With the turbulence of recent years, thanks to economic instability and the coronavirus pandemic, you may have unaffordable company debts.
These debts could be the result of losing a high-paying client, or the withdrawal of coronavirus support has left the company unable to cover its liabilities.
Whatever the cause, if it’s a recurring problem, or the debts risk pushing your company into an insolvent state, then you need to act quickly and suitably.
Failing to do so could see your creditors force the company into compulsory liquidation.
Fortunately, there are avenues to relieve the debt and potentially, depending on your circumstances, save the company.
Can I Stop Creditor Pressure on My Company?
One of the worst parts of your company’s accounts being in the red is the pressure exerted on you by the creditors wanting their money back.
This creditor pressure can start as letters and telephone calls reminding you to repay your company’s debts. While it may be tempting to ignore these, doing so is ill-advised.
Ignored reminders can quickly escalate into County Court Judgements (CCJs) or statutory demands; the former can damage your credit rating if it’s not repaid within the specified time.
Continuing to ignore these court orders can even lead to High Court Enforcement Officers (HCEOs, or bailiffs) visiting your business premises, who’ll try to take goods equal to the value of the company’s debts.
While it’s unpleasant to be on the receiving end of creditor pressure, it’s perfectly legal for creditors to engage in. There are parameters for what’s appropriate, though.
Reminders should only come within work hours if the debt is company-related, and creditors shouldn’t use threatening language or allude to action they can’t legally enforce.
If these limitations are broken, the creditor could be guilty of harassment.
Can I Repay My Company’s Debts?
The good news is that finding you have unaffordable company debts doesn’t automatically mean it has to close.
If the business would be viable, were it not for the debts, you may be able to repay them in affordable instalments on a monthly basis.
You can do this through a Company Voluntary Arrangement (CVA), a legally binding agreement between the company and its creditors managed by a licensed insolvency practitioner.
The arrangement can include any of the company’s unsecured debts and usually lasts five years.
Any remaining unsecured debt is written off at the arrangement’s conclusion, leaving the company free to continue trading.
I Can’t Repay My Company’s Debts. What Else Can I Do?
If the company’s debts are of such a level that they can’t be repaid at a rate that would justify a repayment plan, or the company needs more substantial restructuring to become viable again, you may benefit more from an administration.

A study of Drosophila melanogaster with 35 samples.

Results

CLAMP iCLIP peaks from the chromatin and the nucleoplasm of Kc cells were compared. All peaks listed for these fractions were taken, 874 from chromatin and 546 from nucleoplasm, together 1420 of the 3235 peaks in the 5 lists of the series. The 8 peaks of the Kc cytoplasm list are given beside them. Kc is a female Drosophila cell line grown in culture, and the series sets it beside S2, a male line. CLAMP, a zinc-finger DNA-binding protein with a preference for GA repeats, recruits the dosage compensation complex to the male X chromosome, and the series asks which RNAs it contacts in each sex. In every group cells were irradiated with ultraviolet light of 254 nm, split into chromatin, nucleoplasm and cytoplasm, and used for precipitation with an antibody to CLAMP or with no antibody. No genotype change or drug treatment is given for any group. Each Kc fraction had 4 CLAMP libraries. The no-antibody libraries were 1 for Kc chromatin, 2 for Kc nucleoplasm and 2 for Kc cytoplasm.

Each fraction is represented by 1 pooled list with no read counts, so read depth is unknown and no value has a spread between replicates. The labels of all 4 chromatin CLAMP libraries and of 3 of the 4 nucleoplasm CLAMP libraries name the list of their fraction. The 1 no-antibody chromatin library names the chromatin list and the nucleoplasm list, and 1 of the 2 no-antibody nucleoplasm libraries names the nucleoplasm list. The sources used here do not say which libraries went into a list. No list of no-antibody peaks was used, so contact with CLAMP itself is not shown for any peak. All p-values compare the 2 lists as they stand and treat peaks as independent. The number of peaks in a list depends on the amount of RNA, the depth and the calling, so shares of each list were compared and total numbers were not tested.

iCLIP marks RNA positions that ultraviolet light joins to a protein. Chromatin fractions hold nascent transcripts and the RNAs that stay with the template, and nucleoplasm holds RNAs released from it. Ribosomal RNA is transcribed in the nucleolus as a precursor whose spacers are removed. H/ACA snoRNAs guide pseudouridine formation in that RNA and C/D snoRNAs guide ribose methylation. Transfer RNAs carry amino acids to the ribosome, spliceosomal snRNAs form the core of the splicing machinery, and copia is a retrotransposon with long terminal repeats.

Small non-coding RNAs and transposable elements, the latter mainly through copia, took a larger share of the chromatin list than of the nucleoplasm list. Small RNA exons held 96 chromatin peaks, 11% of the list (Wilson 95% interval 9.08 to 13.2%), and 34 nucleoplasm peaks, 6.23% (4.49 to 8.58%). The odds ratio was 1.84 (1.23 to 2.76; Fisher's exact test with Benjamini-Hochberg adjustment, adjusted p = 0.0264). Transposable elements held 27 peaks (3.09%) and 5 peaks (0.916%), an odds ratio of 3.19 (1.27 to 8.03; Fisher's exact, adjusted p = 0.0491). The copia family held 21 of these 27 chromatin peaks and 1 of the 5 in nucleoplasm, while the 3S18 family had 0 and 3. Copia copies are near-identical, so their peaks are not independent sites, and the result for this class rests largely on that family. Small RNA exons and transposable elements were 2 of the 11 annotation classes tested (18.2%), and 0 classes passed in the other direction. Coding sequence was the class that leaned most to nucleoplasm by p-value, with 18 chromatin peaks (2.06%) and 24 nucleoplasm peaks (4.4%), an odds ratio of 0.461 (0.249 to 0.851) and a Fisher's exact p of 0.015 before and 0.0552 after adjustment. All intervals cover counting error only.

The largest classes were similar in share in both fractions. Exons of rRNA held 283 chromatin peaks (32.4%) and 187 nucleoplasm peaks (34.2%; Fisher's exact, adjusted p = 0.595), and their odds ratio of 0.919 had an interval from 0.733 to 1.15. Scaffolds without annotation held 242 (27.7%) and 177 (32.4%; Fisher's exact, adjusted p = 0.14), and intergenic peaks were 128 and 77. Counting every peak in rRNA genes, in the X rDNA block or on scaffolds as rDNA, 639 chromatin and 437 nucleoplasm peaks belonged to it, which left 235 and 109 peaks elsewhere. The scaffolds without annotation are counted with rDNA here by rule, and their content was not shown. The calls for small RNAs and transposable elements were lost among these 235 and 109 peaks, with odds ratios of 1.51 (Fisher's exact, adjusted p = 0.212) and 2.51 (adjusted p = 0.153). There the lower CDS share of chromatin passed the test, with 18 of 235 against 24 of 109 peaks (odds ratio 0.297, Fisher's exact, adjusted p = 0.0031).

Again, administrations are managed by a licensed insolvency practitioner.
They take control of the company, giving it breathing space and relief from creditor pressure while making structural changes to return the company to a profitable state, making it appealing to potential buyers.
The Company’s Debts Are So Bad I Need to Close It
Sometimes a company can have so much debt that saving it isn’t possible.
In such circumstances, you would be better off closing the company through a voluntary liquidation before the creditors force it down the compulsory liquidation route.
The liquidation process for insolvent companies is called a Creditors Voluntary Liquidation (CVL), which results in the company’s closure, staff being made redundant, allowing them to claim redundancy pay, and the company’s debts being written off.
A CVL draws a line under the company’s insolvency and allows the directors to move on and start a new limited company should they wish to.
Finding out you have unaffordable company debts is seldom a pleasant experience and can lead to a whole host of other problems later.
Once creditors start chasing you to get their money back, an unfortunate situation can become downright unpleasant.
Fortunately, there are ways to alleviate the debt and nullify or reduce its effects in the future.
Depending on the volume of debt and whether the company has a solid structure that could be profitable were it not for those debts, you may be able to repay them in affordable, monthly instalments through a formal repayment arrangement.
Restructuring is also an option should the company require it, allowing changes that could return it to a profitable state.
Alternatively, if the unaffordable company debts are so severe that closure would be the best option, you can close the company via a voluntary liquidation before its creditors force it into compulsory liquidation.
Whatever you do, you shouldn’t hang about if you have unaffordable company debts. Take decisive action to alleviate them. The faster you act, the higher the chances of a positive result.